As a part of the United Kingdom government’s attempts to protect children from exposure to inappropriate video game content, they have signed legislation making the PEGI rating system (the European equivalent of our ESRB system) the only video game ratings system recognized in the UK. Now the official rating system for our blokes across the pond, PEGI ratings will now be legally enforceable, in that it is now illegal for a retailer to sell a video game with a PEGI age rating of 12, 16 or 18 to someone below that age.
The announcement comes as the association of UK Interactive Entertainment released a poll of one thousand parents with children under eighteen, revealing that:
- Nearly all parents (92%) recognize the benefits that playing video games can have on their children, including educational benefits (58%), that they allow children to be creative (53%) and that they provide entertainment (77%).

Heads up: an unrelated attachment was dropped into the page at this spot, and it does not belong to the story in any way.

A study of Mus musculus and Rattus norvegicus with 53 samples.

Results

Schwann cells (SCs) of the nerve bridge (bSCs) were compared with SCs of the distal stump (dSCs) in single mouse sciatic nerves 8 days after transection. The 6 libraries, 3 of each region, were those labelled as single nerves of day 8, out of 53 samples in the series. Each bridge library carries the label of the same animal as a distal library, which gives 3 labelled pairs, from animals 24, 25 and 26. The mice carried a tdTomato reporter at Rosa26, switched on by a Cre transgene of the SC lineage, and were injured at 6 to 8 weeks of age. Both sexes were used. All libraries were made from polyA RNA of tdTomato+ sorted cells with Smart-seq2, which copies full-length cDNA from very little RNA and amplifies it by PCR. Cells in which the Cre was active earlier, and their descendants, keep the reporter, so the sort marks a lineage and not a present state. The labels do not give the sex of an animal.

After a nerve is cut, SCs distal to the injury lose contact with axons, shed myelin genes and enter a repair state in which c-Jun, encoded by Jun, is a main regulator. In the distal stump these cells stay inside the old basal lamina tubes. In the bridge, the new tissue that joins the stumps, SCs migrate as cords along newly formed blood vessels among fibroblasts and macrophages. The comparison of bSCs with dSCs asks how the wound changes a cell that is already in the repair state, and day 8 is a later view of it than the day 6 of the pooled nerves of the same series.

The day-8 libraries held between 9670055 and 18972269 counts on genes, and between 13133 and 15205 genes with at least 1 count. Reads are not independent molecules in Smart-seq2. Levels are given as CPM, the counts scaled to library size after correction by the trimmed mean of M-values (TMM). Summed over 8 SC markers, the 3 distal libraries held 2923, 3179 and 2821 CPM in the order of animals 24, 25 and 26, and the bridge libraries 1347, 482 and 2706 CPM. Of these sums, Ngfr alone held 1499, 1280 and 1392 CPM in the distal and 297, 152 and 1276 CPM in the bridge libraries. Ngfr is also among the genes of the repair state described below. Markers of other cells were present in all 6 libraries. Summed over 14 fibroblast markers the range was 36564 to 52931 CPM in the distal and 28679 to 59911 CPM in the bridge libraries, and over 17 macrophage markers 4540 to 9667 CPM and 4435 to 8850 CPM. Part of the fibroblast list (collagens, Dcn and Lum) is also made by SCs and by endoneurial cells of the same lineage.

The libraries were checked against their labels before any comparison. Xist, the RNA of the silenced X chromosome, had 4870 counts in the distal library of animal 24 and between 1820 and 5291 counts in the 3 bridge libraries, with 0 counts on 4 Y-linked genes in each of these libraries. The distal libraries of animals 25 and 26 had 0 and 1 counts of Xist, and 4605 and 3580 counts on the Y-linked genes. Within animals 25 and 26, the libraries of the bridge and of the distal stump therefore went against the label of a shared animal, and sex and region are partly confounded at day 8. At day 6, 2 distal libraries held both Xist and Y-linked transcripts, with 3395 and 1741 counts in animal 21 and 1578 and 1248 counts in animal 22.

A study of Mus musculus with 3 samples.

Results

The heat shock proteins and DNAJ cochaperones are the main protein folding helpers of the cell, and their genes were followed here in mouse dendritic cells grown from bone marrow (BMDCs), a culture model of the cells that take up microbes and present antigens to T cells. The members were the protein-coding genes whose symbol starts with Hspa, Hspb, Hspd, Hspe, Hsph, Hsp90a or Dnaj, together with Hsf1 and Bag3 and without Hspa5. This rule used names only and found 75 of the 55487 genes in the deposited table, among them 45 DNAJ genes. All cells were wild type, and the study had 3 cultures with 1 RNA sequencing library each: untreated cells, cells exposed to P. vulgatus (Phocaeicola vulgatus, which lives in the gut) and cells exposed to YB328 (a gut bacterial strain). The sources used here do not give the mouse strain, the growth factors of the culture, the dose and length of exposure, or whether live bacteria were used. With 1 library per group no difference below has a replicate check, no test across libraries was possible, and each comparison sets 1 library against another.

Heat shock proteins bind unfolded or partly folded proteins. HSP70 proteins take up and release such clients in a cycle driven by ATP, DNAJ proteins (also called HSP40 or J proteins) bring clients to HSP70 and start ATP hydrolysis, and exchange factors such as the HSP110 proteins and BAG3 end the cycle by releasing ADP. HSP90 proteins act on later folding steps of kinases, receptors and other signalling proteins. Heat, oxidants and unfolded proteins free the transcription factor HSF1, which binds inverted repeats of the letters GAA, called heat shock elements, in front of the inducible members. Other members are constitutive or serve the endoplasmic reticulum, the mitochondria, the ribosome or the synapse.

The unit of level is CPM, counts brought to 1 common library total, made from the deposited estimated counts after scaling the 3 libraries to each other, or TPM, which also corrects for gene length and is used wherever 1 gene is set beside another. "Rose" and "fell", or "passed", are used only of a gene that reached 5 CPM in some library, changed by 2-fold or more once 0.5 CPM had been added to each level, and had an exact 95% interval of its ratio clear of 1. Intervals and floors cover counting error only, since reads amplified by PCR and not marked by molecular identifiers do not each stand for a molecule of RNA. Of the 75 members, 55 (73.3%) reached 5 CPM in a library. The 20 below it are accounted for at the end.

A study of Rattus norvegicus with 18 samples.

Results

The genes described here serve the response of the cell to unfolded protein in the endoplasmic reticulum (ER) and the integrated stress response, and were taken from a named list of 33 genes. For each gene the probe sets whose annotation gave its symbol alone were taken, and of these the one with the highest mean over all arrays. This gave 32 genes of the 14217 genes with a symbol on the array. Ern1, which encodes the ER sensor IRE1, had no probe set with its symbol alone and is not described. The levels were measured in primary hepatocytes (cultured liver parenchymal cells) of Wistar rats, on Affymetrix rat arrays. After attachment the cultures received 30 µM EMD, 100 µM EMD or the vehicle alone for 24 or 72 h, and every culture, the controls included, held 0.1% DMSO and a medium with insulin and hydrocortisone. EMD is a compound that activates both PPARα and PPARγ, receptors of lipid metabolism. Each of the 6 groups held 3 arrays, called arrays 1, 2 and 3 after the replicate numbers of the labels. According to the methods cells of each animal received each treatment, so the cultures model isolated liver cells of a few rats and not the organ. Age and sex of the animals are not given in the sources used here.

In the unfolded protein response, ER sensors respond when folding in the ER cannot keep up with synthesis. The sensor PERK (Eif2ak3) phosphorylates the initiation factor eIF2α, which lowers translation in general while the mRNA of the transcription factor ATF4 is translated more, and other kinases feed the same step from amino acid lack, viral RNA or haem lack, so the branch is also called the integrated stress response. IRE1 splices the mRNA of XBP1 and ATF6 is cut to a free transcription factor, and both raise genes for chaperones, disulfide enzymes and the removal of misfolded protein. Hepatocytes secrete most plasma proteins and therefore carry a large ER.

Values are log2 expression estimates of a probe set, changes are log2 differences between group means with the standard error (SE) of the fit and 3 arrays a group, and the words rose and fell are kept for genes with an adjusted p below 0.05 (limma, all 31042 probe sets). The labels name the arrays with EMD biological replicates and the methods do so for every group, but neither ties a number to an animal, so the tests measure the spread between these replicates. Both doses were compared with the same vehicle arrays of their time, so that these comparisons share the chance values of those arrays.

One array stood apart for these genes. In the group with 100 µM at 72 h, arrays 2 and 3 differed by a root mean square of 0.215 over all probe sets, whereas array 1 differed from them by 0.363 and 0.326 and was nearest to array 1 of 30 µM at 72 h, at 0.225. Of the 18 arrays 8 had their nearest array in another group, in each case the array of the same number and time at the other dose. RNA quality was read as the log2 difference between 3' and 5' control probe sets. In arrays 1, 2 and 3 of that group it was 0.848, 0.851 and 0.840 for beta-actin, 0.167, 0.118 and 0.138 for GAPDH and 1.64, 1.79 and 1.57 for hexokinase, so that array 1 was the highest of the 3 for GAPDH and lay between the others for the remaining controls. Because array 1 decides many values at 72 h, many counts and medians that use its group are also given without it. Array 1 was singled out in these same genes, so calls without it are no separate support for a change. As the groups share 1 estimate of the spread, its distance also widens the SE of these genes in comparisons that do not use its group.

- Other benefits cited include increased co-ordination, strategic thinking and team-work.
- Parents would benefit from guidance on which video games are suitable for their families. Over 1 in 3 parents (34%) admit to having given in and bought a video game that was unsuitable for their child, with 86% saying that the new PEGI system is required and almost a third already believing the PEGI ratings will help them choose which games are suitable for their children.
- The survey also found that over a quarter of parents (26%) never play video games with their children, with mums and dads both equally unlikely to join in with the potential for family fun.
To go along the legislation, Ukie has also launched a campaign and website that informs parents on how video games can provide a creative group medium for the family.